Think as You Drink
I came across quite a few good articles today on water that I would like to share with you. The first is the formation of a committee to study water and energy. Great news!!! Outside Loveland, CO there is Flatiron Reservoir and Pinewood Reservoir where they pump water uphill at night during low energy demand and let it flow back down the pipes during demand hours, giving a net demand. This is very unusual in water storage and energy production practice. But getting water places (for example, that water comes from the other side of the Rockies and is transported via tunel under Rocky Mountain National Park) and treating wastes costs a ton. Almost all water treatment costs are electricity. Wastewater treatment costs are the same, giving impetus to cogeneration by anaerobic digestion. That is where raw waste solids are anaerobically decomposed in a digester and the gasses run generators lower the power demand of the waste treatment facility. The waste solids are then normally used for fertilizer that is distributed, Millorganite from Milwaukee is a commercially known brand.
Another has to do with climate change and water in the western states. Believe me, if the rain and snow patterns continue to change in the West, or in the Rockies, Vegas and LA, to say the least of the people in Mexico to whom the US had to guarantee clean water too will be hurting. Yes, The US had to build a plant to desalinate what little flow of the Colorado Rover made it to Mexico. In CA, there have been extreme issues with salmon spawns because of the change in rainfall patterns. and there have been pelican deaths aplenty this year in CA. The following article details many aquatic bird deaths and ties it to global warming.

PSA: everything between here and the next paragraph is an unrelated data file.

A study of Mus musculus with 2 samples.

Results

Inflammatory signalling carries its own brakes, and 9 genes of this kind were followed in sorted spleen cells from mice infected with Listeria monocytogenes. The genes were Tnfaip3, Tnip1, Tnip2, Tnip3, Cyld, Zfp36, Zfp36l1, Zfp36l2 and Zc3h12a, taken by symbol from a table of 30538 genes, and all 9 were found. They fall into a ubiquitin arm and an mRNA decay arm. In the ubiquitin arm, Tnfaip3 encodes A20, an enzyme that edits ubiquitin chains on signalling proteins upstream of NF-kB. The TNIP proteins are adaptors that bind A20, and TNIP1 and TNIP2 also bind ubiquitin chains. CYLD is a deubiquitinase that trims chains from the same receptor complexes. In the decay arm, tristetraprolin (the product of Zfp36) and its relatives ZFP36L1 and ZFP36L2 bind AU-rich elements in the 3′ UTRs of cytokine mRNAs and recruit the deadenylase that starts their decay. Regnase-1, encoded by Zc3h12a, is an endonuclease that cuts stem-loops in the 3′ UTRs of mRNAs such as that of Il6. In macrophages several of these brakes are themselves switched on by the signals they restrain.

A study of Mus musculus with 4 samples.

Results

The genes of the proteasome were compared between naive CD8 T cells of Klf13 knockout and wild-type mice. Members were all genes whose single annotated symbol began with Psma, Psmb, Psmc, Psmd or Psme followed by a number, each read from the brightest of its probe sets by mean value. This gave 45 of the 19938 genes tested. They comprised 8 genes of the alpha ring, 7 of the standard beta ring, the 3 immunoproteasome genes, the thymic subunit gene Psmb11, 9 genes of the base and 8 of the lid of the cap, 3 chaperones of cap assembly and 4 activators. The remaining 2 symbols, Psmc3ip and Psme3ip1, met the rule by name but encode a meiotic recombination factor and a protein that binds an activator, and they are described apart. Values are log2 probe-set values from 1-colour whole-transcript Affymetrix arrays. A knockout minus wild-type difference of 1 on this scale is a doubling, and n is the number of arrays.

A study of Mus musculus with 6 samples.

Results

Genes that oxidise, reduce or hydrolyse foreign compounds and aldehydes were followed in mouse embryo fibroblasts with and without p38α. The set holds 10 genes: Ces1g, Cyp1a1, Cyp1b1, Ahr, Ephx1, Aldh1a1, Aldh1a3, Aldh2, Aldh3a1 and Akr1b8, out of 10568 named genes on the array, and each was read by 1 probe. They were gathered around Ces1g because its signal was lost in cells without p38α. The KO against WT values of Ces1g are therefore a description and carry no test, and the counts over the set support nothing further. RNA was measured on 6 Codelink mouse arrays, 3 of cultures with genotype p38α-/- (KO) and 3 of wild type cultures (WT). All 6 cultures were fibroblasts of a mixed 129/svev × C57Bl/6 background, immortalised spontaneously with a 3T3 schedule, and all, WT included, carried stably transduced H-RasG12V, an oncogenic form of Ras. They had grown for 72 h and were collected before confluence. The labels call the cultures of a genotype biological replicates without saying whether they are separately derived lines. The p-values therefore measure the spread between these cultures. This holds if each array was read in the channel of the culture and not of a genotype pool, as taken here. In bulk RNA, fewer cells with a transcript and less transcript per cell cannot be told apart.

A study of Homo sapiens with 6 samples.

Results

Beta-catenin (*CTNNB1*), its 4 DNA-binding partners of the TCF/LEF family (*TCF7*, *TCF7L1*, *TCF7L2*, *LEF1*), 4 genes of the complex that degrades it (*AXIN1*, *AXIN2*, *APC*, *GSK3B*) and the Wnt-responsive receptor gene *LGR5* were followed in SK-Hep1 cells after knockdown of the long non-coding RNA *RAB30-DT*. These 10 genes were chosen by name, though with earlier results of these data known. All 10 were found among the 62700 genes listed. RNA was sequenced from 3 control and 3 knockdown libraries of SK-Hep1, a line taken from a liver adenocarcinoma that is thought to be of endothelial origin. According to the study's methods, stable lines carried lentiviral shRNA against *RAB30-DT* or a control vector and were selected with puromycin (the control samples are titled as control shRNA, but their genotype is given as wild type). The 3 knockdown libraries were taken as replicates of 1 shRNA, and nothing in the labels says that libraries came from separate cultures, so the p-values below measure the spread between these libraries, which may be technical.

There is a viscious cycle that has started. It takes a lot of energy to pump water to the deserts of the arid west, making them livable. This includes a geographic area from Arizona, to Vegas to LA. It costs a lot to produce the energy that produces 90% of the world's almonds and over 50% of the US vegetable and fruit crop. Just think of energy required to pump water from Sacramento to San Diego to grow avocados. The annual diversion of water in the California Aqueduct alone is 2.6 million acre feet. An acre foot is roughly 326,000 gallons and a gallon of water weighs 8.34 pounds, or 8.5 trillion pounds of water. I am really tired, but given a rise of about 4000 feet, and 68% combined motor and electrical efficiency giving you a demand of 1.8 million killowatts, if the water were only pumped once on that journey. It is not and there are two other canals that almost as big. The power usage is at least 8 times that amount, just for pumping. And as fresh water grows more scarce, desalinization looks good, but almost all its costs are electrical. It is very, very expensive. It is far cheaper to treat raw poop to drinking water and far less energy intensive. As long as we rely on fossil fuels to produce energy and it takes enrgy to move water and increased CO2 production leads to more warming, we are in very viscious cycle. Just to keep up the lifestyle we have grown accustomed to requires renewable and nonpolluting energy.
Mr. Cheery couldn't get this narrative the way he wanted because he was too tired, so good night and pleasant dreams.